Print version ISSN 0042-9686

Bull World Health Organ vol.84 n.11 Genebra Nov. 2006

http://dx.doi.org/10.1590/S0042-96862006001100021 

LETTERS

 

Health-care patents and interests of patients

 

 

Rita Luthra

Women's Health and & Education Center, 300 Stafford Street; Suite 265, Springfield, MA 01104, USA (rita@womenshealthsection.com)

 

 

Editor - I wish to congratulate Anatole Krattiger & Richard T. Mahoney on their editorial in the May issue of the Bulletin.1 As they point out, "Developing health technologies for the world's poor people increasingly requires the wise management of intellectual property (IP), and the papers in this issue all treat IP as a strategic asset." Patent protection is intended to promote research and development and to act as a stimulus to progress in science and the useful arts. New technologies and the translation of research discoveries into clinical medicine are essential for improvements in patient care. The increasing commercialization of medical discoveries, however, may hamper the dissemination of new knowledge and the ability of physicians and patients to benefit from applications of this knowledge. All types of patents raise ethical issues and may create conflicts of interest for physicians who contribute to the development of new products through research. Most current therapeutics are based on private ownership of pharmaceutical discoveries, even if the origin of those therapies is based on publicly funded university-based research.

Historically, physicians have taught and shared medical information without regarding this knowledge as trade secrets to be protected from others. The commercial potential of medical discoveries may motivate physicians to increase their own incomes in ways that may jeopardize the care of patients. The daunting task of all stakeholders is the continued development of patent policies that fairly balance the interests of competing interests of generic and brand-name companies.

As regards physicians' relationships with industry, manufacturers of pharmaceuticals and medical devices assist physicians in the pursuit of their educational goals and objectives through financial support of various medical, research and educational programmes. Industrial development of products is important to continuing improvement in health care. Corporations are primarily responsible to their stockholders, while physicians are primarily responsible to their patients, so the goals of corporations may conflict with physicians' duties to their patients. The public expects physicians to avoid conflicts of interest in decisions about patient care: such decisions usually involve the direct treatment of patients and may also involve physician participation in purchasing decisions by medical organizations, such as hospitals and group practices, to which physicians owe fiduciary responsibility. Different segments of society stand to benefit in different ways from health-care providers' actions, and finding a proper balance can be challenging. Health-care providers have a responsibility not only to their individual patients but also to society as a whole.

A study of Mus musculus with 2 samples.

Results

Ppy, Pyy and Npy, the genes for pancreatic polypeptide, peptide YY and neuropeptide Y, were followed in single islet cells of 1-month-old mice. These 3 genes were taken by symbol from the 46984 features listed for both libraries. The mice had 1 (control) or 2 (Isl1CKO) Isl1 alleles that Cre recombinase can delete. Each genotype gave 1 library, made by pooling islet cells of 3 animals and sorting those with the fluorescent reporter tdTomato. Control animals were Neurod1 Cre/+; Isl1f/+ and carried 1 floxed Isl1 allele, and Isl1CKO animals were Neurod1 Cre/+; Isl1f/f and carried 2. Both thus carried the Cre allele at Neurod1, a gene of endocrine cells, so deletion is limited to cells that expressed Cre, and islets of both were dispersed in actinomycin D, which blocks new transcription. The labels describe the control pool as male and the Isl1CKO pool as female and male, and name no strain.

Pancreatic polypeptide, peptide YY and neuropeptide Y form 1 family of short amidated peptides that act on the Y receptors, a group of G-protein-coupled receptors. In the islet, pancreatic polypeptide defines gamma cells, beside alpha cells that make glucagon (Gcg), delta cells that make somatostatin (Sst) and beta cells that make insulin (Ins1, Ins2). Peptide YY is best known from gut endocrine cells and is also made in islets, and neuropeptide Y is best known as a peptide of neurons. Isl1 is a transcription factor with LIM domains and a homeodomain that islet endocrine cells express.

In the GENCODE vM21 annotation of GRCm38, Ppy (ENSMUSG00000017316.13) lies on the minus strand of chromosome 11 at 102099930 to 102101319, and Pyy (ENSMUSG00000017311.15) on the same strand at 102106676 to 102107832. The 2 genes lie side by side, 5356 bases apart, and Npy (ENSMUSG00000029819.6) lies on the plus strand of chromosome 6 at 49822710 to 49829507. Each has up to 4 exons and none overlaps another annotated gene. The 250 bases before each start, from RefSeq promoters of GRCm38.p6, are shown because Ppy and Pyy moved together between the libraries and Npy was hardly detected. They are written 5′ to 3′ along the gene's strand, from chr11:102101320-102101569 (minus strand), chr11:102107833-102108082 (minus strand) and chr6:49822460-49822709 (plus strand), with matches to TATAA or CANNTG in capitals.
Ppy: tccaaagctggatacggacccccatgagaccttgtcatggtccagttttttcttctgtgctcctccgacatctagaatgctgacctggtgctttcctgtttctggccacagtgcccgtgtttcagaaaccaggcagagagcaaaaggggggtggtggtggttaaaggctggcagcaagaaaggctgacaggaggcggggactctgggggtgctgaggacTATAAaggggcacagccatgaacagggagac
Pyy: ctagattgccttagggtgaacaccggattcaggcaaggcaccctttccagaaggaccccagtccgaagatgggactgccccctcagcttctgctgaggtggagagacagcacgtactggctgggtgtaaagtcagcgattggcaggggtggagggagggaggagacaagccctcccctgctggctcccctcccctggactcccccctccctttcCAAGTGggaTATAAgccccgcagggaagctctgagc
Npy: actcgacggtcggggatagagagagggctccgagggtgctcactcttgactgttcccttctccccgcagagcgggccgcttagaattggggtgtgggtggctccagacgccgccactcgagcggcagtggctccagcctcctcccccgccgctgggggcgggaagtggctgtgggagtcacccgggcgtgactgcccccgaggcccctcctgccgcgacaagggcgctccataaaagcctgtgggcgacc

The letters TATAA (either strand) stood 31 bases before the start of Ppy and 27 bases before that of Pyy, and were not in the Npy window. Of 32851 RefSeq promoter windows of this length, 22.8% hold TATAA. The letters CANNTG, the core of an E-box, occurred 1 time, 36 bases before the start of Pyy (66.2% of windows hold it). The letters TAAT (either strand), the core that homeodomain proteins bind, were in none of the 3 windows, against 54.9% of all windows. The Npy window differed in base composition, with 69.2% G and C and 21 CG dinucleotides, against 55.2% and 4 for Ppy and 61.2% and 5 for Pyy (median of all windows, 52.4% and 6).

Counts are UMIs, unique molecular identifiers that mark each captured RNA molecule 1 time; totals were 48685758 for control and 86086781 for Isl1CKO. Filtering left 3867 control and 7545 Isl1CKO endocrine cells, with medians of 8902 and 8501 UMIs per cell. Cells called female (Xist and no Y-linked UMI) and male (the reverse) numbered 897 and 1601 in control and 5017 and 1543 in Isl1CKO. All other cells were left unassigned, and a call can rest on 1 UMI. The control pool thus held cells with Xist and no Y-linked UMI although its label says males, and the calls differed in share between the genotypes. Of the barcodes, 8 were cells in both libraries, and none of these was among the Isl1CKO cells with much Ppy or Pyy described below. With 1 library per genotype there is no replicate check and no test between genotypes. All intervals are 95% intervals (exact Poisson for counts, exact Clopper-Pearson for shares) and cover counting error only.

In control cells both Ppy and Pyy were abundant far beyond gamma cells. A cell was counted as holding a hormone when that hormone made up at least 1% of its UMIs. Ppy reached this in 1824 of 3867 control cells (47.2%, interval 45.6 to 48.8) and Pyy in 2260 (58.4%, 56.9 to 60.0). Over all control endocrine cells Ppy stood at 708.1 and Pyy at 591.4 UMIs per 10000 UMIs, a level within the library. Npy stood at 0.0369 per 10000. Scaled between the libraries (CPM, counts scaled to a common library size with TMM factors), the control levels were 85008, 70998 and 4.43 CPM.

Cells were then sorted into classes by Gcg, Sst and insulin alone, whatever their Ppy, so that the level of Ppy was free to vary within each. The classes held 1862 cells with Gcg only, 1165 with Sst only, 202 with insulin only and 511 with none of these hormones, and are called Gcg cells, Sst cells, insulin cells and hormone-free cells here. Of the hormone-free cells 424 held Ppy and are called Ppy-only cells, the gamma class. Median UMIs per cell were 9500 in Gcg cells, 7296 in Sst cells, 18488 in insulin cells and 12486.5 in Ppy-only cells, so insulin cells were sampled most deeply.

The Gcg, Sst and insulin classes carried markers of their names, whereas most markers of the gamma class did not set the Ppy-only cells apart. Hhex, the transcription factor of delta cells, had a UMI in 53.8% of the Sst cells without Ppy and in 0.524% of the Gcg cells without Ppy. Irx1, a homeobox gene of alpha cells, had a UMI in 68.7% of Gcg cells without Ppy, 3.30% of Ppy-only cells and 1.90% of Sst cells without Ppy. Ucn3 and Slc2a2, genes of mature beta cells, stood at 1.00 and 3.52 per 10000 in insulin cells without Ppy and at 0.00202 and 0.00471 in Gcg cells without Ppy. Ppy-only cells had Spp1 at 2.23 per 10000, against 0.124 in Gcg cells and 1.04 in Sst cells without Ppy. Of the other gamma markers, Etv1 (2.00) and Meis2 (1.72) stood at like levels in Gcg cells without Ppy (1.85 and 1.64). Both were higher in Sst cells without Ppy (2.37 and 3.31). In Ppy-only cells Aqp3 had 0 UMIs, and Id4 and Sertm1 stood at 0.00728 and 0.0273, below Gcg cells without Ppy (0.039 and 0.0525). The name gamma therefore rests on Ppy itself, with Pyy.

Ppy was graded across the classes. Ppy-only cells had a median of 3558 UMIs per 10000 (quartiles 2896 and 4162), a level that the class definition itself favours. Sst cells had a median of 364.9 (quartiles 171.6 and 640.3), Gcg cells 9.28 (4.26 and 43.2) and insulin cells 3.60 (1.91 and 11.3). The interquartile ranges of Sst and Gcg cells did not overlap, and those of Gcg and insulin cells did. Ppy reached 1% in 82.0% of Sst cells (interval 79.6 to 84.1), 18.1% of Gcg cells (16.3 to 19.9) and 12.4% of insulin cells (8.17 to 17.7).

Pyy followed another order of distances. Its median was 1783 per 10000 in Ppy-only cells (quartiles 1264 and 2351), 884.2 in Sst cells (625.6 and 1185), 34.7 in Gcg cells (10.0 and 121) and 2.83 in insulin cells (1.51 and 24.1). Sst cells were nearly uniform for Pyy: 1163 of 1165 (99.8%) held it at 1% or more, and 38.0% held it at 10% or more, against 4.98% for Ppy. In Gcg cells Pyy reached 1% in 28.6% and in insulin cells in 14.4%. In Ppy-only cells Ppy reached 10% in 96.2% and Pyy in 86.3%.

In the United States, the Orphan Drug Act has proven to be a successful marriage of government and pharmaceutical companies. The government provides tax incentives and guarantees seven years of exclusivity (after approval by the Federal Drug Agency) to encourage drug makers to develop products to treat conditions that affect fewer than 200 000 people and are generally unprofitable. On the whole, the result has been positive, despite abuses. The Orphan Drug Act has been copied, with changes, by Australia, the European Union, Japan and other countries. In the European Union, unlike in the United States, if a drug is "extraordinarily profitable" it loses its orphan drug status after five years. Nonetheless, whether one follows the United States version or some other, the basic concept has been successful in bringing needed drugs to market. Perhaps something comparable to this — an international orphan drug act — could be agreed upon; perhaps governments could subsidize special research on the current WHO list of essential drugs; and perhaps companies could agree to fund joint research for drugs that would not be covered by patents and would be produced and distributed at cost.

Competing interests: none declared.

 

References

1. Krattiger A, Mahoney R.T. Intellectual property and public health. Bull World Health Organ 2006;84:340.